DUBLIN - Thousands of demonstrators marched in Dublin on Saturday in favour of liberalising Ireland's tight abortion laws ahead of a planned referendum on the fiercely-debated issue.

Protesters chanted, "My body, my choice" and waved placards reading "Not the church, not the state, women should decide their fate" as they headed through the capital towards the parliament. Linda Kavanagh, a spokeswoman from the Abortion Rights Campaign which organised the rally, told AFP: "The message today is 'time to act' because we've waited for a long time for a change.

"We want full repeal. We can't support exceptions and only a hundred people allowed to get access to abortion."

Abortion has always been illegal in Ireland and in 1983 an eighth amendment was added to the constitution after a referendum, giving equal rights to the life of the unborn child and the mother.

The law was changed three decades later to allow terminations when the mother's life is at risk, following public outrage at the death of a pregnant woman in 2012 who was refused an abortion.

In the face of mounting public pressure, Irish Prime Minister Leo Varadkar on Tuesday announced plans for a referendum on the issue to be held in May or June 2018, ahead of a visit by Pope Francis in August.

As the rally began, Keishia Taylor, a spokeswoman for the organisation ROSA (For Reproductive Rights, Against Oppression, Sexism and Austerity), told AFP: "I think today is gonna be a huge turnout, a turning point. Ireland is still deeply divided over abortion.

A recent poll by Ipsos/MRBI found 67 percent of respondents were opposed to abortion in general but that 76 percent were in favour of legalising it cases of rape. Varadkar, who trained as a doctor, has called the current laws "too restrictive".

Varadkar has said he would support abortion in cases of fatal foetal abnormalities but is not supporting wider liberalisation.

Thousands of Irish women currently travel abroad for abortions every year, mainly to England.

A "March for Choice" took place in London outside the Irish embassy on Saturday.

The upcoming vote has rallied those on both sides of the debate, including activists seeking to keep the current legislation in place, who have said they will be leafleting in cities across Ireland.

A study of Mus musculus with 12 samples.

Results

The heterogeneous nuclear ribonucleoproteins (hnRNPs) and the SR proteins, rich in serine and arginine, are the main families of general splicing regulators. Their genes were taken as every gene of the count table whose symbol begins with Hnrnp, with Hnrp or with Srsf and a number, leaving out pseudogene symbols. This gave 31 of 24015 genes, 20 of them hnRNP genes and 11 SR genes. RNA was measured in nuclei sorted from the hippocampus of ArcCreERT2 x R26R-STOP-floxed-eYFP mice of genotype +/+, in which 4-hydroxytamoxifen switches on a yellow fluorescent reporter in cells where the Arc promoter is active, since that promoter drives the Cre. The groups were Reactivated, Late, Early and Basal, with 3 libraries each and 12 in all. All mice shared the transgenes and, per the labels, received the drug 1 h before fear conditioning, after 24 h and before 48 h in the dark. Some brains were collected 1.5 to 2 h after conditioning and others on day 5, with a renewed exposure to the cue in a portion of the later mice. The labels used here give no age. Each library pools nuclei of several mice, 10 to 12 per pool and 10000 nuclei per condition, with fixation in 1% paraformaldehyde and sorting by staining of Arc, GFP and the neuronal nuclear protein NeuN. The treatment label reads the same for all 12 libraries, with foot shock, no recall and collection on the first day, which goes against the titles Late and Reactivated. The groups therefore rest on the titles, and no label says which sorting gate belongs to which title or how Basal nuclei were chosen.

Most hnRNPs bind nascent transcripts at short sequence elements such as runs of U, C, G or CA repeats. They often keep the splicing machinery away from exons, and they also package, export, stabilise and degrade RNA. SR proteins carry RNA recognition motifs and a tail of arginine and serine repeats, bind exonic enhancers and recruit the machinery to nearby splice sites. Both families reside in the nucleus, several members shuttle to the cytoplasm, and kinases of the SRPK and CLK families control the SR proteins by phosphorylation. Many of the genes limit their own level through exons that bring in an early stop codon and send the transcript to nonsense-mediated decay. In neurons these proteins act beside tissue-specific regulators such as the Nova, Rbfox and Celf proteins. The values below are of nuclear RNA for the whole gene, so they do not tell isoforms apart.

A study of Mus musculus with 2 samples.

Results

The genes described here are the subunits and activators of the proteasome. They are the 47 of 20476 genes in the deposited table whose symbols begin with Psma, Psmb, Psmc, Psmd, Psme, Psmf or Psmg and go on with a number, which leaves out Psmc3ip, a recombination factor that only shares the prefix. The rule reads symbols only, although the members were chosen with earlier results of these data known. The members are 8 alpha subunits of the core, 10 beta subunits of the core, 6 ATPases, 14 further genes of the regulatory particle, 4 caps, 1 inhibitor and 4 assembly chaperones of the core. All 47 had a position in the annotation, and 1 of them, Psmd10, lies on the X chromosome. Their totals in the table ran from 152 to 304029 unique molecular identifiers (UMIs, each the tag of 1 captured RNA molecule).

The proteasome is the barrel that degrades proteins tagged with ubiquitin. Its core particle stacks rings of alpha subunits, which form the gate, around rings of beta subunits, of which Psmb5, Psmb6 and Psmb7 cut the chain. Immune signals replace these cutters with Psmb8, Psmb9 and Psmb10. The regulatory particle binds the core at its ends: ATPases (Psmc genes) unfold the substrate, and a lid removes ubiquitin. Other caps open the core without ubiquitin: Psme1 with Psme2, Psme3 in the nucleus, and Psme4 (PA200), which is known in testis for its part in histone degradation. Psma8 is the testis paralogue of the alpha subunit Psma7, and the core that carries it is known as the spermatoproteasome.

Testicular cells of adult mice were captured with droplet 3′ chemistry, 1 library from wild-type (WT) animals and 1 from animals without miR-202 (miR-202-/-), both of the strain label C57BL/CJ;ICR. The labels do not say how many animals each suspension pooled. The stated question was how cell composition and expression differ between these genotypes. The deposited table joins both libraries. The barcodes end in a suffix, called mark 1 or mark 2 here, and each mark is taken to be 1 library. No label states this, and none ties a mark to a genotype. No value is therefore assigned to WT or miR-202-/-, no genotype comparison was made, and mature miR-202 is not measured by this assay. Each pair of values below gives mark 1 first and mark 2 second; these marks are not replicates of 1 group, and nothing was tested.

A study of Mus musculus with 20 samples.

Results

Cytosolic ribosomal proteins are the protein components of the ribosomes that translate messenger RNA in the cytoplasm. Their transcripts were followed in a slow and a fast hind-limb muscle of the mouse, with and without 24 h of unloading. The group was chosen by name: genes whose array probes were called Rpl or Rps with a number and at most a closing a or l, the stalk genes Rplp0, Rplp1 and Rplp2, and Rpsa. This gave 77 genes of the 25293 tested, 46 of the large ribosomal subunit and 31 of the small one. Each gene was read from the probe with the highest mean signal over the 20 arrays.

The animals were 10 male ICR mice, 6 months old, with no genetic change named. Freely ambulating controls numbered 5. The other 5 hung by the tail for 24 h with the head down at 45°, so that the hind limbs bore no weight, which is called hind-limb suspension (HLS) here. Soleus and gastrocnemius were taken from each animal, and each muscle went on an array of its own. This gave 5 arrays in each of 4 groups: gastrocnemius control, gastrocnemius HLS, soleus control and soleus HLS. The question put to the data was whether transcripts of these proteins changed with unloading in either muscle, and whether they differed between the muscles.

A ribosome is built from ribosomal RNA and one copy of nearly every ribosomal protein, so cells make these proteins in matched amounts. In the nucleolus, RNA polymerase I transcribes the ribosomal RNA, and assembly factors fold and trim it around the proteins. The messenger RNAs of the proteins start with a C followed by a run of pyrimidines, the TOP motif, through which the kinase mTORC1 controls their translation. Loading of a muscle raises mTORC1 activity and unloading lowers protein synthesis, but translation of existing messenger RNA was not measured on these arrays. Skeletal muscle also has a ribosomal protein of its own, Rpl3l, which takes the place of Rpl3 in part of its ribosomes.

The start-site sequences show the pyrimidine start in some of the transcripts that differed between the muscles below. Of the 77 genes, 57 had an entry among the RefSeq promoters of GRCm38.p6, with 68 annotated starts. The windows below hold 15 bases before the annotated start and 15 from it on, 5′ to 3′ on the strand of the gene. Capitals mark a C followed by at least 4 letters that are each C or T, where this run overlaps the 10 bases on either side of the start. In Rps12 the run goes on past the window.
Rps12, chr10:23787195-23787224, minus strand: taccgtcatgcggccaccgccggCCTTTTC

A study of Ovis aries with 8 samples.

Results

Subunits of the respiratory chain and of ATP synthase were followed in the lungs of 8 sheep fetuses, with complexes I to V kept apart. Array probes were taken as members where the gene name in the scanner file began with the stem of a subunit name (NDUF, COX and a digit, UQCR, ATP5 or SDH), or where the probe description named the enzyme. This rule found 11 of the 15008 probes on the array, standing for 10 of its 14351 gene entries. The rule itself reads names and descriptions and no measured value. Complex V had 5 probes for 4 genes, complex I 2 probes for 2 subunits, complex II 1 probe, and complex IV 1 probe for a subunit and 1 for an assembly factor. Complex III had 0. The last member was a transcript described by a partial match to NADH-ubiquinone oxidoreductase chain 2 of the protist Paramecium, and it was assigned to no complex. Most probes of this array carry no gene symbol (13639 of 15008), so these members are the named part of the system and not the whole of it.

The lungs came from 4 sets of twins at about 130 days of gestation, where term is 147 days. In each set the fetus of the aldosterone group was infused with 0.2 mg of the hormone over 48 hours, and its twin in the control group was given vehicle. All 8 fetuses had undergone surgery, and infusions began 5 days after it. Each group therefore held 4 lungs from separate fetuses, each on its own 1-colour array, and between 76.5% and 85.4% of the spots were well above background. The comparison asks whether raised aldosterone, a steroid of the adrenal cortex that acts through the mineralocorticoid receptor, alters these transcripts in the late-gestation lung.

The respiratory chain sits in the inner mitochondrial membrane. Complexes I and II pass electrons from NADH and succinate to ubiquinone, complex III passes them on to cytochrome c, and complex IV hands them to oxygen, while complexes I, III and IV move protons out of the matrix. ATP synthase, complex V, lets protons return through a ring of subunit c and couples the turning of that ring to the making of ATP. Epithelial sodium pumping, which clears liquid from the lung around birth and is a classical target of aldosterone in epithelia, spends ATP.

"We have every reason to be proud of the eighth amendment which has saved tens of thousands of lives and has prevented the horrific human rights violations that abortion has caused in so many other countries," said Cora Sherlock, spokeswoman for the Pro-Life Campaign.

The Irish government has already sought to gauge public opinion, setting up a Citizens' Assembly which between November and April debated the eighth amendment.

Summing up their discussions, a majority of the 99 members recommended legalising abortion in a wide range of circumstances.

A parliamentary committee has also been examining the abortion law, but on both sides of the debate there is mistrust of officials' approach.

"I'm willing to bet that 90 percent of this country have never actually watched an abortion, the real graphic truth," said Tim Jackson, a marketing consultant who has demanded MPs watch footage of a termination.

In support of his cause, Jackson completed a 10-day hunger strike on Wednesday.

Although the pro-abortion camp reacted positively to the referendum announcement, there is suspicion that MPs continue to be heavily influenced by the church in the mainly Catholic country.

Unlike the referendum which saw Ireland vote in favour of same-sex marriage in May 2015, no politicians have yet taken a strong position calling for greater abortion access.

Irish media has reacted similarly, reluctant to take a bold stance on an issue which has divided Irish society.